Currency Swap Line

Amid current pandemic crisis, one of the big news making rounds is the Fed's swap line arrangements. The Federal Reserve announced on 19th March at the FOMC meeting that it was broadening its swap lines to provide funding to countries.

However, this is not the first time. In the past, the Federal Reserve has made use of its swap lines, especially during times of crisis. The Fed's FX swap lines were especially useful during the 2008 Lehman Brother's crisis.

The Forex Swap line is basically a monetary policy tool that a central bank has. Also known as FX swap line, it is often used by central banks in order to provide additional liquidity to the markets.

The Federal Reserve Bank in the United States uses its FX swap line in order to provide other central banks access to the U.S. dollars. As a world's reserve currency, it is essential that the global markets have adequate access to the U.S. dollars.

Currency (FX) swap line explained

An FX swap line is an agreement between two central banks to exchange their respective currencies. It allows once central bank to obtain the foreign currency liquidity from the central bank which is issuing it.

A central bank can set up a currency swap line agreement between as many foreign central banks as needed. For example, the Federal Reserve has a currency swap line agreement with the ECB, the SNB and so on.

Elsewhere, the ECB has swap line agreements with the Danish Central Bank, The Swedish Riksbank and so on. These swap lines are established in order to provide access for Danish and Swedish central banks to gain access to the euro currency and so on.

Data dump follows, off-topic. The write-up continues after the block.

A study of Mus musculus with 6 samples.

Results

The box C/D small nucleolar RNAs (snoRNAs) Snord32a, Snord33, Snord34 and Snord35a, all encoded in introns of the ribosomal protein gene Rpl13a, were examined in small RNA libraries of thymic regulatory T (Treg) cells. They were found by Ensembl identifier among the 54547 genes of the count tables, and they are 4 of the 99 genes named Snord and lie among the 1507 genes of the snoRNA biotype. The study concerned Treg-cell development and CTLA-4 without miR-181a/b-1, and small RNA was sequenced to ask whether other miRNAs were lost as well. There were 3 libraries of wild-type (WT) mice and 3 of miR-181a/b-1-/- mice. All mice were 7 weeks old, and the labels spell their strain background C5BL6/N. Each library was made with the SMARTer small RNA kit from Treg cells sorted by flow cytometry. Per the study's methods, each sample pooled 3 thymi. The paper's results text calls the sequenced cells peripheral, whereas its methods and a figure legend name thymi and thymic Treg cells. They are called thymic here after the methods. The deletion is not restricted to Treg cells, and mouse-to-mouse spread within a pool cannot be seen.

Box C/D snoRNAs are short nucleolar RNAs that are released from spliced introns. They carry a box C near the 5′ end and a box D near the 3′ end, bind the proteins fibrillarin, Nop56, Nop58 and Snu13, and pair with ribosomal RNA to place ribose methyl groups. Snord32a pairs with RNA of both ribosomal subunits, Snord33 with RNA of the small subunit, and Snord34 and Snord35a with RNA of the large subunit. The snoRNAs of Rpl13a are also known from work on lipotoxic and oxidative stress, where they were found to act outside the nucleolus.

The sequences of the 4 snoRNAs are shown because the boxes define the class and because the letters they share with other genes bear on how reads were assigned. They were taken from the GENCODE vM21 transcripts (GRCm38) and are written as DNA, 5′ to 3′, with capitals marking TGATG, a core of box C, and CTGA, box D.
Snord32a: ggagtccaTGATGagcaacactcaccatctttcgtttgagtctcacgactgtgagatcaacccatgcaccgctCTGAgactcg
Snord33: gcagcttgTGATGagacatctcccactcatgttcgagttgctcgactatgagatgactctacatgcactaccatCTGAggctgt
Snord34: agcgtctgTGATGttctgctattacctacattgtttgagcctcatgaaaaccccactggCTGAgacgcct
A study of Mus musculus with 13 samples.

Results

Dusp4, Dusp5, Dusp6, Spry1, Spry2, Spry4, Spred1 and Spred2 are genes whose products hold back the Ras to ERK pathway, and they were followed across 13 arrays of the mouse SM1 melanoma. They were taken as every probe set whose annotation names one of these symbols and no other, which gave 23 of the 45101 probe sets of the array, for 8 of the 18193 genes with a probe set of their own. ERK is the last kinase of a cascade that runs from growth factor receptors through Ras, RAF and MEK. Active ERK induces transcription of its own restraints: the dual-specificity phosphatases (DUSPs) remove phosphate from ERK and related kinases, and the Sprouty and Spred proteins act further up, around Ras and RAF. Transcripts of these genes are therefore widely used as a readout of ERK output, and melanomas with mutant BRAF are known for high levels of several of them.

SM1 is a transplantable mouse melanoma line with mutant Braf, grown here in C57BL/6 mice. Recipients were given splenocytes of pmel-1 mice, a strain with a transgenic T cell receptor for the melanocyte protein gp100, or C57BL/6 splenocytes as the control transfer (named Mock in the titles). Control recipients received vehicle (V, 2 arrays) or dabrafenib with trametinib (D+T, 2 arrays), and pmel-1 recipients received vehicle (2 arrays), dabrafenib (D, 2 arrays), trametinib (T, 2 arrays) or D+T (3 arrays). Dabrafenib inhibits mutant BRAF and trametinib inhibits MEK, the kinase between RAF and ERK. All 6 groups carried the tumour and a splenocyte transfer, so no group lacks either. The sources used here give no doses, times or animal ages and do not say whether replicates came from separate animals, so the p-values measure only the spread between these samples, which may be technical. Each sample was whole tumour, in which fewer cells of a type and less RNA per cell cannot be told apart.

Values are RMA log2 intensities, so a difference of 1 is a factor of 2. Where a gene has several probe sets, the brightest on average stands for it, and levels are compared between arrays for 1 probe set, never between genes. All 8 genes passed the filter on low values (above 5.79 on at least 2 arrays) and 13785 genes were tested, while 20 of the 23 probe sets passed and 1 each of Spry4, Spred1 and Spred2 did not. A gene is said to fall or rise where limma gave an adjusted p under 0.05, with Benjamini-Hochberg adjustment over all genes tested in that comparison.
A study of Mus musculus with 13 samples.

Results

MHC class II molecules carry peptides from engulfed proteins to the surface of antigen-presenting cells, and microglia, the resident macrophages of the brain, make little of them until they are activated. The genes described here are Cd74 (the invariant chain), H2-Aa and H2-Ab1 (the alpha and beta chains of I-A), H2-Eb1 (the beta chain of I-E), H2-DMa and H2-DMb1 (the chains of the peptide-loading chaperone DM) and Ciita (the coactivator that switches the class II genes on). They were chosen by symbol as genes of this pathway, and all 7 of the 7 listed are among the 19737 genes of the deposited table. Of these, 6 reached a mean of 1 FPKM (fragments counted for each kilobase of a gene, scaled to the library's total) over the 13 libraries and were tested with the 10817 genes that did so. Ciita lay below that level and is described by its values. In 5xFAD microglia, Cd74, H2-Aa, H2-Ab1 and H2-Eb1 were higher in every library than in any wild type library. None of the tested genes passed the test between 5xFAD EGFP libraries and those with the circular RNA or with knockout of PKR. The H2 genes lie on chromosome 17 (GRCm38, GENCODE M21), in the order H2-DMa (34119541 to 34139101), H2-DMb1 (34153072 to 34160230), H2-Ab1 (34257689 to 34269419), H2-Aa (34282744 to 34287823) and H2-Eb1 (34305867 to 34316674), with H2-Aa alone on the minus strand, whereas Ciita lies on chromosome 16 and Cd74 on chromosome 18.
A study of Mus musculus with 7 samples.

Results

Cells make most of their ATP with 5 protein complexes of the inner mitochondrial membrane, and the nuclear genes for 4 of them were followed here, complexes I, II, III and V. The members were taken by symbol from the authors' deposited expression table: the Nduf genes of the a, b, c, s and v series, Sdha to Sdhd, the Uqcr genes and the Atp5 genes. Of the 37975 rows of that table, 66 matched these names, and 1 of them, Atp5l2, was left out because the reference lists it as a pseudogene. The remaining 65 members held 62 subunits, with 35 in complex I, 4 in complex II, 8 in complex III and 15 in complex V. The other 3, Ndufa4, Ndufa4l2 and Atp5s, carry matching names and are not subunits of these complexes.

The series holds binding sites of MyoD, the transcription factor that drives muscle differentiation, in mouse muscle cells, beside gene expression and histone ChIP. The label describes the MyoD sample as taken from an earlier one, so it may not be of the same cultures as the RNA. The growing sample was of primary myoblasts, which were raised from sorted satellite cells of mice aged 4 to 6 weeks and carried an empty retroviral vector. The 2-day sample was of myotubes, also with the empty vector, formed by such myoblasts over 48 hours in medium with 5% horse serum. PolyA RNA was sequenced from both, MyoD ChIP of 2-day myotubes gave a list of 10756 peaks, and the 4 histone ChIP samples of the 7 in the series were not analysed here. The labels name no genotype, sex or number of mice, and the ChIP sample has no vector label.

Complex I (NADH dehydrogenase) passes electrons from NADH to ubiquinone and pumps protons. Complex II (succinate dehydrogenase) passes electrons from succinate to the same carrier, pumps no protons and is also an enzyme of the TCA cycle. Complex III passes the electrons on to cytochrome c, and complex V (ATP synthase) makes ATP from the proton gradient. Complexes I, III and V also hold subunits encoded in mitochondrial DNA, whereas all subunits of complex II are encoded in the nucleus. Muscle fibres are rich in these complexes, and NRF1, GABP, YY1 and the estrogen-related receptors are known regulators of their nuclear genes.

How does a Forex Swap Line work?

A forex swap line is basically a contract between two central banks. One central bank, for example the Federal Reserve gives dollars to another central bank (ex: the ECB). This exchange of dollars for euros is based on the prevailing spot rate.

The forex swap line contract can be between one week to a month, or more. At the end of the tenure of the contract, the respective central bank once again exchange the currencies. This exchange is also based on the same spot rate that was used for the initial exchange.

Besides the exchange of currencies, the lending central bank charges an interest rate. This interest rate is set as the spread which is relative to the overnight index swaps rate which is paid at the end of the tenure and payable in U.S. dollars.

A forex swap line contract is like a pre-approved line of credit between central banks. Each request by a foreign central bank is individually approved.

The central bank receiving the U.S. dollars is then able to loan these out to other financial institutions in its jurisdiction and is typically for the same tenure and spread.

In return, this central requires the financial institutions to provide high quality liquid assets as collateral.

Why are currency swap lines needed?

Currency swap lines are usually required during times of market turmoil. This is when the general interbank lending market liquidity dries up. An FX swap line has, in recent years become an important tool for maintaining the financial stability.

More importantly, the currency swap lines are used to prevent the market turmoil from adversely impacting the real economy. The ECB for example has established swap line agreements since 2007. The basic idea behind the swap lines is that if a home central bank has a swap line agreement with the foreign central bank, then it can provide liquidity in the foreign currency.

Swap line agreements, especially where the U.S. dollar is involved is very effective. Given the dollar’s reserve currency status, the fact remains that global economies are depended on this currency. Therefore, many central banks, especially those which rely heavily on trade with the United States tend to have swap agreements in place to ensure that there is always USD liquidity in the markets.

One of the main things to point out is that through the FX swap line agreement, the Federal Reserve provides USD funding directly to another central bank. It does not directly lend to foreign financial institutions. It is up to the receiving central bank to decide on how to further distribute the liquidity.